New York – Reports by Ispos Insight and J.D. Power and Associates put Canon atop the digital camera market in terms of customer satisfaction.
Canon was singled out as the “best manufacturer” from fifteen brands in an Ipsos Insight Internet poll conducted during the spring. Nearly a quarter of respondents (24 percent) picked Canon, followed by Kodak (17 percent), Sony and Nikon (15 percent) and Olympus (6 percent).
Canon won highest marks among younger, college-educated users and those with high incomes, the firm noted. Kodak earned kudos from older, less-educated consumers, Ipsos said.
“Our study results show that consumer perception of the Kodak brand has been more positive than the brand’s actual market share figures would reflect,” said Leslie Rich, Ipsos Insight media, entertainment and technology practice VP in a statement released with the findings.
Seventy percent of Internet households own a digital camera and 61 percent own a photo printer, the study found. Younger consumers reported higher digital camera ownership and older consumers had stronger printer ownership numbers.
Ipsos also noted that digital cameras and home photo printers are second only to cell phones as the most pervasive consumer electronics in consumer’s homes
“Americans are embracing their love for digital photography and sharing images within their social networks. The online photo storage and sharing industry will benefit from this and continue to grow,” Rich observed.
On the printing side, Ipsos predicted that HP’s lock on the ink cartridge business would come under increasing pressure as consumers catch on to alternatives, like aftermarket cartridges or inkjet refillers. “Consumers are likely to sacrifice some quality in response to the perceived price-gouging by the [printing] industry leaders,” Rich said.
In J.D. Power and Associates 2007 Digital Camera Usage and Satisfaction study, Canon’s PowerShot SD series ranked highest in the premium point and shoot digital camera segment. Casio took top honors in the “ultra slim” segment with its Exilim Zoom line, while Fujifilm’s FinePix F series lead the general point-and-shoot segment and Nikon’s D-series took d-SLR honors.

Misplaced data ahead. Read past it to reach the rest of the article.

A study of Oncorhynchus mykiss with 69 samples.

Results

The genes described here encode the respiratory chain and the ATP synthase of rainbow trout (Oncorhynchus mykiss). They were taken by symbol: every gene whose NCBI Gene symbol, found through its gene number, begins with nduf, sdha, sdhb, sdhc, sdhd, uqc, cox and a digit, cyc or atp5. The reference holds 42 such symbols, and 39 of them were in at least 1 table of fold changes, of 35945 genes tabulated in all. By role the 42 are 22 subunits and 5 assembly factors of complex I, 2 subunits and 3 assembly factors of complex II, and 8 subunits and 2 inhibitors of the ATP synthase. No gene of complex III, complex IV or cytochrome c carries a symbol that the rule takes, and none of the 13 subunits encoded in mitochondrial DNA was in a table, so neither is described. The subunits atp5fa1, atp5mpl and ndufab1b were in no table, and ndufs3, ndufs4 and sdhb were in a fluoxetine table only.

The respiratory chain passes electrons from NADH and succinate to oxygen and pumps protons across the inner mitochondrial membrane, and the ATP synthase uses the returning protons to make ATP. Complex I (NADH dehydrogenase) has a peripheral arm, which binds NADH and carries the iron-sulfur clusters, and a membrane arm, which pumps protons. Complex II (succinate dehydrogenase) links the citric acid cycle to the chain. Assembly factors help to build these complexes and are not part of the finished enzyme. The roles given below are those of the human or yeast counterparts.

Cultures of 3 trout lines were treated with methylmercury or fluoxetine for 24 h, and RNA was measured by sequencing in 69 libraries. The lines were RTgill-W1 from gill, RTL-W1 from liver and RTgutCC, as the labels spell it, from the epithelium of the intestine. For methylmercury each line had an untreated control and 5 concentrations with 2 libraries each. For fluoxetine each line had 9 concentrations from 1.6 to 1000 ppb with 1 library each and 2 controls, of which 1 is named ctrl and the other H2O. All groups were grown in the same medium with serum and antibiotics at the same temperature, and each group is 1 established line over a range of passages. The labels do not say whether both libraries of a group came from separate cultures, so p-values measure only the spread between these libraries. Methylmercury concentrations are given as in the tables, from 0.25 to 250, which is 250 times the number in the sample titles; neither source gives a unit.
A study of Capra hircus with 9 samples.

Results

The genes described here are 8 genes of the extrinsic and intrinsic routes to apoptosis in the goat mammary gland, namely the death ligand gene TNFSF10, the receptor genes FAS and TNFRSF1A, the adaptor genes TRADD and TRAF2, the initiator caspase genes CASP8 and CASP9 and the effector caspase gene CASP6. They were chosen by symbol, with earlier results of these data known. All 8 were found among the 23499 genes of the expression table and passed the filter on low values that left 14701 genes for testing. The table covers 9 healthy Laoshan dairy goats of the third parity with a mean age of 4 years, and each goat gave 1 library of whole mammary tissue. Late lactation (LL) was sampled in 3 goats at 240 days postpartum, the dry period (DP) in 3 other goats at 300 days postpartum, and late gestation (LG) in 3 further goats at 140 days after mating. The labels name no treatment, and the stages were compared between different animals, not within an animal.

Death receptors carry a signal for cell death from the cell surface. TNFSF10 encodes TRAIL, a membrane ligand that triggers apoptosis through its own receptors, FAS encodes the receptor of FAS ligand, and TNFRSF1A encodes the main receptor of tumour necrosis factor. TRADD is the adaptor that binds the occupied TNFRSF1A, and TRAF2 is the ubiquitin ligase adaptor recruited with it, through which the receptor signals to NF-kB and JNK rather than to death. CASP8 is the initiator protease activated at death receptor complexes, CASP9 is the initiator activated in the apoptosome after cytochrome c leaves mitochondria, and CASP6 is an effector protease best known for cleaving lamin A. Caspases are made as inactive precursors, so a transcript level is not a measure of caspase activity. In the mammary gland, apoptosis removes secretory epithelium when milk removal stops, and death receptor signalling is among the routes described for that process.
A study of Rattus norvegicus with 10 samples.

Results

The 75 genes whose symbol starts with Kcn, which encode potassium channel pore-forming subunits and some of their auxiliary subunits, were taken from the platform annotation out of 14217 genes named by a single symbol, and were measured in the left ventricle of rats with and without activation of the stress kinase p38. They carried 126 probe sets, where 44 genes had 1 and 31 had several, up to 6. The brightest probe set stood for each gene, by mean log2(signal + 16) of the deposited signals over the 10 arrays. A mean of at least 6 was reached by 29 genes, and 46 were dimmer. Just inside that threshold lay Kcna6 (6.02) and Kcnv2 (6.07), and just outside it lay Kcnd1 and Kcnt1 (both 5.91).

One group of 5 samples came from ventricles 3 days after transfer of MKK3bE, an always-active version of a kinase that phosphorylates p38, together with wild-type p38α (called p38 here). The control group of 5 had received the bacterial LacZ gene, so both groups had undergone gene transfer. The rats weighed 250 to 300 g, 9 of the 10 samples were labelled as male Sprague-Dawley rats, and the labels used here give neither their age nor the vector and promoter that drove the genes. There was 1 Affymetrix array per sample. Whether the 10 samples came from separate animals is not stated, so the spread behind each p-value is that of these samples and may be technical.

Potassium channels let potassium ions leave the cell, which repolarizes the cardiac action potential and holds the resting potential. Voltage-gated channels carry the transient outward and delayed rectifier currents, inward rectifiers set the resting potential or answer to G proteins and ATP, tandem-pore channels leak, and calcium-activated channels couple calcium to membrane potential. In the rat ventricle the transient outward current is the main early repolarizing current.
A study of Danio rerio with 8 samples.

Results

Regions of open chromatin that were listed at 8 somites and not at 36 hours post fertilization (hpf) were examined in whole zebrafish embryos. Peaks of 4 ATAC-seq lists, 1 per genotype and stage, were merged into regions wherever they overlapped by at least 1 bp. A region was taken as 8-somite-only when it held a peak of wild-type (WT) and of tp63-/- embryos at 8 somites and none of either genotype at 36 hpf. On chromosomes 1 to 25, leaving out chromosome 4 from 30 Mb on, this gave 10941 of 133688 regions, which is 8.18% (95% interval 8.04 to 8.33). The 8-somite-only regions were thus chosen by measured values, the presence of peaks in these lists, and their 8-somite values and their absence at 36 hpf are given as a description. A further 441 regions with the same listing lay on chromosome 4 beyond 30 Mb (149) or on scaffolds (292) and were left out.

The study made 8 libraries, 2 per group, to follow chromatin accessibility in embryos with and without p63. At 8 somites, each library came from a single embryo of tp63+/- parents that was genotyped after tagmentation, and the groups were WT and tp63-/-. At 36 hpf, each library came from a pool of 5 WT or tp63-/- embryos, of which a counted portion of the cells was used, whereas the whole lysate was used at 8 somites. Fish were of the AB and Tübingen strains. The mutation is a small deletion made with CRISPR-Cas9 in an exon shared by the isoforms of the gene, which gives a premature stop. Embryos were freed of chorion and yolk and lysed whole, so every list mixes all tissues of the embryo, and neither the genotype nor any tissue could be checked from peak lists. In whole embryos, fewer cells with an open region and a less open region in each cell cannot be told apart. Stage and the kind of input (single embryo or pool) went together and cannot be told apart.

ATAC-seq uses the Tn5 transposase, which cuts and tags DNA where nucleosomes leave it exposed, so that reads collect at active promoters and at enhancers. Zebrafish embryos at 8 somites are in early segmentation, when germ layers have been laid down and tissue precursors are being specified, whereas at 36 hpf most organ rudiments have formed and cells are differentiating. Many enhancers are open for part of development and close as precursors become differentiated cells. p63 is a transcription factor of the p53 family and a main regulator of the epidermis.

The research firm used picture quality, performance, operation, and appearance and styling as judging criteria.
Brand loyalty was strongest among d-SLR users, the firm found, and d-SLR users reported greater satisfaction with their product and a higher propensity to recommend their current brand.
“The relationship between owner satisfaction and brand loyalty is critical to manufacturers in this highly competitive market,” said Steve Kirkeby, telecommunications and technology executive director, J.D. Power and Associates, in a statement released with the findings.
“A 10-point improvement in overall satisfaction can lead to a 1-percentage-point improvement in brand loyalty, particularly within the point and shoot, premium point and shoot and ultra slim segments,” he added.
Aside from being happier, d-SLR owners also snapped more than twice as many photos per month as their point-and-shoot counterparts, 400 photos vs. 140.
Among purchase motivators, J.D. Power found that 36 percent of all camera owners report that positive recommendations from friends and family played a strong role in their purchase decision.
For the full customer satisfaction ratings from J.D. Powers and Associates, click here.
For charts related to Ipsos Insight’s research, click here.